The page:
Op-Ed: A golden opportunity ignored
Throughout my career, I have had the privilege of working in diverse global markets, aligning business strategies and financial management of multicultural teams in Singapore, Hong Kong, Indonesia, New York, Miami, Peru, Puerto Rico and Barbados. This experience tells me that opportunities, as quickly as they appear, can vanish in the blink of an eye.
The complex social and economic changes the world is going through call for urgent actions to take advantage of the great untapped trade potential between Puerto Rico and South America, which, unfortunately, has not been seriously explored.
When it comes to attracting capital and investors to the island, Puerto Rico’s governments have historically focused their efforts almost exclusively on the United States, Europe and even Asia. In this incomplete vision, they have ignored South America, where there is a bloc of culturally similar countries that have capital and resources that can make a decisive contribution to the island’s development.
Puerto Rico is in a unique position to attract opportunities that harmonize with South American investment needs. In South America, there are urgent business needs that stem from the legal instability that results in high risks for business. There is much insecurity and social conflict, political volatility with radical changes in economic policies, concentration of capital in specific economic sectors and countries, and diminishing returns on invested capital. For all these reasons, Puerto Rico represents an exceptional solution that has not been explored in depth.
For South American investors, Puerto Rico can provide higher returns on invested capital relative to other countries, and an opportunity for diversification. The island offers a more stable institutional, tax and legal framework. Its currency is the dollar (less volatile than South American currencies), its per capita income is much higher than in the rest of South America, and it has highly qualified professionals. All these solutions for South American investors should be used by Puerto Rico to attract companies to the island.
In addition, Puerto Rico can also benefit from the vast South American resources to support solutions to its most urgent problems. The island has serious difficulties known to all, such as its precarious energy system (obsolete and almost entirely dependent on oil), its need to import everything (even food) and the progressive replacement of capital in productive sectors by passive capital. In the face of this, South America has developed innovation in critical sectors for the island. It is a world power in agricultural exports, genetic development of livestock and renewable energy.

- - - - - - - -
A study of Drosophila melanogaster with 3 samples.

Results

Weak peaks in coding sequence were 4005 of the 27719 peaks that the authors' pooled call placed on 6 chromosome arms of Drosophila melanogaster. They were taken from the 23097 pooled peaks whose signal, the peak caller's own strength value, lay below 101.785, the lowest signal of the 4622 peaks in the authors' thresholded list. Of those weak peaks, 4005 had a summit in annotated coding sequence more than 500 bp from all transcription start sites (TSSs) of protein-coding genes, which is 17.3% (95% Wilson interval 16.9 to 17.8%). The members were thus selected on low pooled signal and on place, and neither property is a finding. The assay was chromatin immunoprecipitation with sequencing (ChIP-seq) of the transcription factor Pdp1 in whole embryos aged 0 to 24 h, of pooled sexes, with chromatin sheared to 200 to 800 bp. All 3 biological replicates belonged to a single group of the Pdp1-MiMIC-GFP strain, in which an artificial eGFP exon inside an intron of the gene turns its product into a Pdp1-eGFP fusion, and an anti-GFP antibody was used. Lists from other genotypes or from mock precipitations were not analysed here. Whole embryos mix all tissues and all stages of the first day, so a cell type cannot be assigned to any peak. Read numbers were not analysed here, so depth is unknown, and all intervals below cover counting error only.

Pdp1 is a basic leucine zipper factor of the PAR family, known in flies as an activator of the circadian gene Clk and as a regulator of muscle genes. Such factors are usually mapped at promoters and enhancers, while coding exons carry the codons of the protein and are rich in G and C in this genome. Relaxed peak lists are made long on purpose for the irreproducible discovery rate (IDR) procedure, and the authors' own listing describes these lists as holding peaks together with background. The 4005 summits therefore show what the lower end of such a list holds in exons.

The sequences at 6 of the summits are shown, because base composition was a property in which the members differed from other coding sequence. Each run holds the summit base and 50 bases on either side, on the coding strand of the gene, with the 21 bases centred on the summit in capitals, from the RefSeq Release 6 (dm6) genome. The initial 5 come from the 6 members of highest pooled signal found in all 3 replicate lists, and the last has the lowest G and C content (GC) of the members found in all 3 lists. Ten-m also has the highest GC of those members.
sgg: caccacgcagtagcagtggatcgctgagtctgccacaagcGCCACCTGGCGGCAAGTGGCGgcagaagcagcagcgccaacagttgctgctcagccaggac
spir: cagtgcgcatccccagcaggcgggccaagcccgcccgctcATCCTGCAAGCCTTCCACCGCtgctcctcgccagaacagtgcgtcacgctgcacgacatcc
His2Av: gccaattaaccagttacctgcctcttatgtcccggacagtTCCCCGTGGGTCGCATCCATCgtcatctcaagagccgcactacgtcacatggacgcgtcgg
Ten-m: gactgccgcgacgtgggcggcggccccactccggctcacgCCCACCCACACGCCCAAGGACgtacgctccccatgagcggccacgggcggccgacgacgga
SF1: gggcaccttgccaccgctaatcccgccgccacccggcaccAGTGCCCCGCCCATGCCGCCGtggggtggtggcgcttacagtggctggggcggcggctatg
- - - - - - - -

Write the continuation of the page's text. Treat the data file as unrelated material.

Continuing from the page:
Likewise, its entrepreneurship has historically been focused on productive and service sectors, unlike the speculative capital in the real estate sector that is predominant on the island. Finally, it can provide an influx of entrepreneurs and professionals to replace Puerto Rico’s human capital that continues to migrate to the United States.
So, if there are all these vast opportunities of wealth for both sectors, why is there not more trade and capital exchange between the countries of South America and Puerto Rico? Why, for example, do they do business with the Dominican Republic and other Central American countries much more than with Puerto Rico? The fundamental reason is ignorance: South America still sees Puerto Rico largely as a U.S. tourist destination with a Spanish-speaking population and not much more, because the island has not taken it upon itself to project its advantages in these markets.
For sure, the public sector and bureaucracy, both in South America and Puerto Rico, does not provide the tools or the inclination to explore and develop these rich possibilities. Therefore, to address this opportunity and take advantage of it, it is necessary for the private sector to step in, albeit with a different strategy that goes far beyond the traditional meetings of business representatives, seminars and business visits that often do not result in anything concrete.
The process of knowledge exchange should also extend to the important creative industry (music, literature, history and gastronomy) of which Puerto Rico has much to export. Common interest groups (agribusiness, livestock, energy and Fintech) should also be activated to pave the way for a commercial climate between the two.
Just by looking south, the island can discover a genuine golden opportunity, so far ignored. The time is now.